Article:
Monitoring wireless industrial LANs in the factory of the future: importance and strategies
The smart factory has arrived, and wireless networking has become a crucial element in this concept, as data collection and movement relating to the manufacturing process become increasingly crucial.
While Bluetooth or 5G are often perceived as the best wireless technologies for data transfer, they may not always be the optimal solution. As a result, we are witnessing a growing adoption of industrial wireless LAN, but what is it, and what role does it play in the rise of the smart factory? Martin Hodgson, Regional Manager, Northern Europe, Paessler AG further explores.
The advantages of industrial wireless LANs
An industrial wireless LAN is similar to the WLANs found in the corporate and private worlds. It is based on one of the IEEE 802.11 standards and is compatible with wired Ethernet. Its strengths lie in its ability to cope with the specific demands of the factory floor.
The biggest differentiator for this technology in industrial environments is that networking equipment has to be rugged and more robust to handle the extreme conditions of a typical factory floor. For example, devices need to withstand very high or low temperatures, high humidity levels, constant dust, or excessive vibrations. The very nature of factory floors means specialised Wi-Fi solutions are needed. For example, radio frequency interference and masses of large metallic surfaces mean that better radio frequency management and stronger wireless signals are a must.
Incorporating wireless connectivity in a factory brings about many opportunities, but one of the biggest is the ability to connect mobile endpoints. This covers a range of applications, from giving technicians the possibility to access production data on their mobile phones or tablets, through to enabling communication with moving machine parts.
Monitoring connectivity of industrial wireless LANs – a guide
Wireless network reliability is far more critical in industrial settings than in corporate environments, especially if process and safety controls are executed using the wireless network. In this case, even a short downtime can result in a halt in production, poor quality output, or other negative outcomes.
The latest wireless LAN standards offer features that improve efficiency and reliability of wireless signals (such as MIMO in 802.11n or OFDMA and MU-MIMO in 802.11ax); but despite this, monitoring the status of wireless connections and the supporting infrastructure is crucial. Here are three tips for getting started with monitoring your industrial wireless LAN.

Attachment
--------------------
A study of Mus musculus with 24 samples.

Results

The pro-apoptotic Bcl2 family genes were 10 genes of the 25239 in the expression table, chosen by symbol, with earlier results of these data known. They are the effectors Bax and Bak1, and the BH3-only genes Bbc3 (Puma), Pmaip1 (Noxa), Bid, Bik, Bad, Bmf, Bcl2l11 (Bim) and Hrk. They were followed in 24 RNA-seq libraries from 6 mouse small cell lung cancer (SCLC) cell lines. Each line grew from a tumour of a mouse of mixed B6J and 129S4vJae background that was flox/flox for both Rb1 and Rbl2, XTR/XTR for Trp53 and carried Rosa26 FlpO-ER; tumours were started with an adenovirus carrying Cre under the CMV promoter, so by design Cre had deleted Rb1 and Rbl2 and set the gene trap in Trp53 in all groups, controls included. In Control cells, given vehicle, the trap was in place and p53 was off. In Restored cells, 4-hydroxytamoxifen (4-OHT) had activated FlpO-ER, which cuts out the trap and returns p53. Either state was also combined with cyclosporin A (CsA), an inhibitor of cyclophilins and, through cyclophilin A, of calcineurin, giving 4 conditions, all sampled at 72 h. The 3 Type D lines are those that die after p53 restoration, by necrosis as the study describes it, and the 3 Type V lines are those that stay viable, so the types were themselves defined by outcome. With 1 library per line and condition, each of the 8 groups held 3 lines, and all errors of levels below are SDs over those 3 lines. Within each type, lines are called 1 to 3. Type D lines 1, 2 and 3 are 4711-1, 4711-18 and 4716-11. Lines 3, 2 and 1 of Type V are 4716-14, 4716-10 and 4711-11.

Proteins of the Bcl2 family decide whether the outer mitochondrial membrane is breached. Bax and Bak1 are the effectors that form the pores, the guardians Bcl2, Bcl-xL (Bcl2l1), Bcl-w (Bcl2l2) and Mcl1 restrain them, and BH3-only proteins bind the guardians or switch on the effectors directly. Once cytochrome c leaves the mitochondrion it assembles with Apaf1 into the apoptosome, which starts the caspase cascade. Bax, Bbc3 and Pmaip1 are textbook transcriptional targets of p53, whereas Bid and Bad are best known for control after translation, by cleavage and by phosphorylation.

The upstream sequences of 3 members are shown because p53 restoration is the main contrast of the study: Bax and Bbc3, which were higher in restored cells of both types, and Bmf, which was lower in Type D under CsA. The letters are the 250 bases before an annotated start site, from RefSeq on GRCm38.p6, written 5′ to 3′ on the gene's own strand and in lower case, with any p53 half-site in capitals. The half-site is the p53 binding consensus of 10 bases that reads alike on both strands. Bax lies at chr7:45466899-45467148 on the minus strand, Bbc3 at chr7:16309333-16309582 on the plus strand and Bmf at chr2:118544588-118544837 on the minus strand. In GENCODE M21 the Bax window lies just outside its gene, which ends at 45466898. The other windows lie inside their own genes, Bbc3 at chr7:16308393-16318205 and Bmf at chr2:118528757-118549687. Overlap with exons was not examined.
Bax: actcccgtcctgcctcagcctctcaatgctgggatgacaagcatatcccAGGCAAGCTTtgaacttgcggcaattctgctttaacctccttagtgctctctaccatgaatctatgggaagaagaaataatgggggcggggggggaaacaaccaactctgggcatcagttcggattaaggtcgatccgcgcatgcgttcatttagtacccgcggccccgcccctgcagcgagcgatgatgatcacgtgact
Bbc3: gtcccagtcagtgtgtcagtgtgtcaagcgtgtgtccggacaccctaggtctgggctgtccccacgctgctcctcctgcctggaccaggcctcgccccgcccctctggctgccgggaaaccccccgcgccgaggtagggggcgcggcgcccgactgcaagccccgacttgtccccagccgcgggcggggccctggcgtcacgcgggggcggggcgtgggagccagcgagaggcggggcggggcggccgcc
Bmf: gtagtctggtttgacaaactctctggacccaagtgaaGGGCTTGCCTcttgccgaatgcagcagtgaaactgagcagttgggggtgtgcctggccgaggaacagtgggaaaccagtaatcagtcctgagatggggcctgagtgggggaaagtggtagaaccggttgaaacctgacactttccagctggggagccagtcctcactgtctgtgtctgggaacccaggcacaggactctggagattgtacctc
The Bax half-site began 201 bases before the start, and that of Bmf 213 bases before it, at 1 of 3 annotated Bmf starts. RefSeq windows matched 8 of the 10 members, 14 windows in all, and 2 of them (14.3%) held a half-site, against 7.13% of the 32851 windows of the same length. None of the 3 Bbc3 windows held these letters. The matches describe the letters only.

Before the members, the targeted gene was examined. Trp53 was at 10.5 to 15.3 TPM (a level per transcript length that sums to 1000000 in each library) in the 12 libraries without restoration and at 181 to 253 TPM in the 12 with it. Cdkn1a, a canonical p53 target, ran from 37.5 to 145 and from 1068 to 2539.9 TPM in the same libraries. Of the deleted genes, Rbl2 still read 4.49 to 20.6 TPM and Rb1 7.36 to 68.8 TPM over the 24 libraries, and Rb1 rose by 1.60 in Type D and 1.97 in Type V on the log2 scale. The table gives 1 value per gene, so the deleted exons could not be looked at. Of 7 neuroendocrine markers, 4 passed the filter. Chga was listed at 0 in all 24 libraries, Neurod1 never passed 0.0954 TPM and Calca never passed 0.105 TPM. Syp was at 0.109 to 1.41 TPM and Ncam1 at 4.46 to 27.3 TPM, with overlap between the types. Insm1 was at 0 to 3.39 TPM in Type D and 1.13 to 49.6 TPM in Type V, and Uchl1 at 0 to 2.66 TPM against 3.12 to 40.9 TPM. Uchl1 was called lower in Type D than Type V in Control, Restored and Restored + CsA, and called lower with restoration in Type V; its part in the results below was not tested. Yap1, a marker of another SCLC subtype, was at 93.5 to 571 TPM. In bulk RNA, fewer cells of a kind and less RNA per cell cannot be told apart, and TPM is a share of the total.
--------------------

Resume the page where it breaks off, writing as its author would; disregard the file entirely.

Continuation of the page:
Keeping track of the devices in the wireless network
This includes the routers, access points, switches, and other network equipment. Many network devices offer SNMP functionality or a REST API (or both) where status information can be obtained, and this information can be used to get alerted when the hardware has failed.
Another option is to utilise the tools provided by the networking devices themselves. Many manufacturers include built-in tools that can keep you updated as to the status of the equipment. For example: Moxa, a provider of industrial wireless routers and other devices, also offers a tool that lets you monitor the wireless connections of their devices as well as changes in those connections that might be of interest.
Keeping an eye on connected devices on the network
Another good strategy to monitor the health of a wireless network is to check if the connected devices are reachable. A simple ping here can suffice. A device that does not respond to a ping might have malfunctioned, but it could also be that the wireless network has gone down.
A company by the name of, STIEBEL ELTRON, for example, uses automated guided vehicles (AGVs) at its production site. These AGVs are autonomous in that they receive their orders over Wi-Fi at various checkpoints. If the wireless network is down, the AGVs do not get orders and they stop – resulting in downtime and a delay in certain processes.
STIEBEL ELTRON’s IT service provider, Bechtle, indirectly observes the wireless network by monitoring the AGVs with Paessler PRTG which regularly pings each AGV, and if an AGV is not reachable, an alert is generated. This way, admins and technicians can immediately check if the network and each AGV is functioning as they should.
Centralise data monitoring
This is more of a general monitoring best practice tip than it is specifically about wireless networks. Consolidating all of your monitoring data in one tool is the best way to give you centralised dashboards and alerting for the most holistic picture. This includes having data from all your locations, from your OT environment, from your IIoT sensors, from your wired and wireless networks, and from your traditional IT devices and systems in one location.
As the smart factory gains momentum, significant changes have occurred in recent years. Establishing a robust and dependable network connection lays a strong foundation and safeguards manufacturers from stumbling at the outset.